Ode to a mop

Let others search for the Holy Grail, Truth and Beauty, and the Meaning of Life.

I am on a quest for the perfect mop. Also, the perfect vacuum.

If I had kept all the vacuums and mops I have owned, I would have an expansive museum. There would be a smaller display of dust mops and brooms. I have bought vacuums in every style: canister, upright, hand-held, sweeper, electrical, battery, with disposable bags and with reusable bags, and styles designed especially for pet hair. I have owned mops made of sponge and mop heads of thick cotton, mops to be squeezed and mops to be wrung. My lowest moments involve spending $1,000 on a high-end vacuum cleaner and buying myself a new mop for Valentine’s Day. That holiday I went home and ate an entire box of heart-shaped chocolates I had bought for myself.

My floors and I have been locked in fierce combat for decades, and that was even before I got not one, but two, dogs. I am a cat person. Give me two quiet indoor cats, and I purr contentedly. But somehow, I have ended up with two big indoor dogs. Plus, a couple of cats. As if the floors weren’t a challenge before, now they have me in a headlock so tight I couldn’t yell "Uncle" if I wanted to. And I want to.

Of all the looming household tasks, cleaning floors is the one I despise above all others. I especially hate vacuum cleaners; they are noisy, heavy, hard to maneuver and have a cord I trip over. If I don’t move the furniture assiduously when I vacuum — and I don’t — dog hair hiding underneath pops out the minute I leave the room. Vacuuming makes my back ache and my bad shoulder hurt. Cleaning floors brings out character flaws and vile language.

I had to get a new computer recently. A very patient professional came to install it and to walk me through the exercises of logging on and off, navigating among documents and programs, changing passwords and all the rest of the tedious details required by a smirking, new machine. The technician sat beside me, watching me hack away at the keyboard and then asked, "Do you swear like this in public?" And this was me on my good behavior; he ought to hear me with the vacuum.

At the change of seasons, when the earth tilts and the sunlight shifts, I see deposits of grime that astonish me. How long have the baseboards looked like that? I thought those were shadows in the corners. I just cleaned the floor; how can it be that dirty?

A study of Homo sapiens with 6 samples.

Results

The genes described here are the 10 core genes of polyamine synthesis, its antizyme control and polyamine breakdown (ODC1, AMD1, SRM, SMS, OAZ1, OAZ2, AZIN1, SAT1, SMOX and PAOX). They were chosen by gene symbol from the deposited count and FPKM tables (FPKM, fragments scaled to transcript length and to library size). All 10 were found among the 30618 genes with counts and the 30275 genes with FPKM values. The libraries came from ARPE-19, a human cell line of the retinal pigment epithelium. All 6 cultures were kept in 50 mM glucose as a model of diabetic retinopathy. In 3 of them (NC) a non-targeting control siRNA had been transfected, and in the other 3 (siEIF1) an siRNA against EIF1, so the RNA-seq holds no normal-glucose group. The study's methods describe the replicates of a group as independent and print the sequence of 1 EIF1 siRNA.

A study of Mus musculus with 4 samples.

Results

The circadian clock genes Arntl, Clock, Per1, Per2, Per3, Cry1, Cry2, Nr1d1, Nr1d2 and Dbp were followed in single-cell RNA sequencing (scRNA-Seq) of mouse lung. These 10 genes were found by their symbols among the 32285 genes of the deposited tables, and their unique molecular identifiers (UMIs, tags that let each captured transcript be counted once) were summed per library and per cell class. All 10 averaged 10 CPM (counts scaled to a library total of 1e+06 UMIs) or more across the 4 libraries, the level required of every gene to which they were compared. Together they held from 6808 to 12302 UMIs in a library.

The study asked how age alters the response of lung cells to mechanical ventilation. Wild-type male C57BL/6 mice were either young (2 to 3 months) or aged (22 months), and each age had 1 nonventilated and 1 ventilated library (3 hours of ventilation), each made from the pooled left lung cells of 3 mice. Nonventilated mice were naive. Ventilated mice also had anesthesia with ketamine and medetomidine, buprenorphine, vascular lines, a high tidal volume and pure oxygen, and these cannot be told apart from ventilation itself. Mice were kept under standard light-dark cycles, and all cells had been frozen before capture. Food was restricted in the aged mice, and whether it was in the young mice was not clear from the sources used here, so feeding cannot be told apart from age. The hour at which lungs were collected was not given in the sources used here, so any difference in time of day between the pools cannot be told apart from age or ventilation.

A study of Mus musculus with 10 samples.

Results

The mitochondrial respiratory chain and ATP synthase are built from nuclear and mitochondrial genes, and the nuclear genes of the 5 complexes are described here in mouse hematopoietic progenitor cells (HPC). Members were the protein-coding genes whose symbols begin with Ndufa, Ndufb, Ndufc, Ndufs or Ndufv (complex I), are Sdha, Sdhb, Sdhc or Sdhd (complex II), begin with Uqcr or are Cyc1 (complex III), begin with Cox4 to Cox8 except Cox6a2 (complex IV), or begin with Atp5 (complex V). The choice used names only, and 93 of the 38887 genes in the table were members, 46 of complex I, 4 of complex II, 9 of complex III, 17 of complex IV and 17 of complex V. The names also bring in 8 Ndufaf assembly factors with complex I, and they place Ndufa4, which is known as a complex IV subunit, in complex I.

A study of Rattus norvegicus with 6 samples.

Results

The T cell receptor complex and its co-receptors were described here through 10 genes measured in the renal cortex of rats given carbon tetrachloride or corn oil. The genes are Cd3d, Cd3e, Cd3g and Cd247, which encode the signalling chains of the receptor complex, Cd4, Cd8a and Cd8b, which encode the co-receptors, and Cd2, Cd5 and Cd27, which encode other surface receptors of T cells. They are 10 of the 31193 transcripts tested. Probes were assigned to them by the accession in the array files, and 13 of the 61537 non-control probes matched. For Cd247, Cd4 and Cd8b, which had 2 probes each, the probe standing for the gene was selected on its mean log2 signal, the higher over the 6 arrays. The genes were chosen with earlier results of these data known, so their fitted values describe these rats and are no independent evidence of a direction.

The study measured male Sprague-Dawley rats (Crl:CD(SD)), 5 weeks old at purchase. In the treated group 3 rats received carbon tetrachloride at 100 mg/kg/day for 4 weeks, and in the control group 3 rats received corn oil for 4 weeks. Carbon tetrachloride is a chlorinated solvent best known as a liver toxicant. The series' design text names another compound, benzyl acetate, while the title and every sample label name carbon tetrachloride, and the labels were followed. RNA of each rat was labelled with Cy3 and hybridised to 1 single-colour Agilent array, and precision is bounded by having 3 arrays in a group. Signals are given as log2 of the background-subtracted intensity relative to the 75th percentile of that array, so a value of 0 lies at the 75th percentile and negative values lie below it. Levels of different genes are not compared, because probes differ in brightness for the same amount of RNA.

Determined to close the year on a high note — and with clean floors — I consulted the hot new book "Clean My Space" and, doubling down, visited a local cleaning supply shop. If one expert is good, two will be better, is my thinking.

The magic elixir I came up with consists of (1) a new flat-head mop, (2) new microfiber cloths and (3) a new stick vacuum with a special affinity for pet hair. The stick vacuum and I are still on a honeymoon, but I have such high hopes. It’s so fleet and maneuverable, it is the Fred Astaire of vacuums.

I concede that this is still a labor-intensive chore. First sweeping, then vacuuming, optional dusting with the flat-head and microfiber dry pads and finally washing with the flat-head and microfiber wet pads. Important accessory: a spray bottle with floor cleaner to spray the floor and/or the flat-head pad. The less water on the floor the better, according to the cleaning book author and the local expert.

I cannot write an ode. That’s too hard. So I have composed a heart-felt verse:

O, flat-head mop, I love you true.

And microfiber pads, I love you, too.

You are the best helpmates I ever knew.

Promise me you will love me forever and for all time and across all of our floors and that you will never desert me or break my heart in two.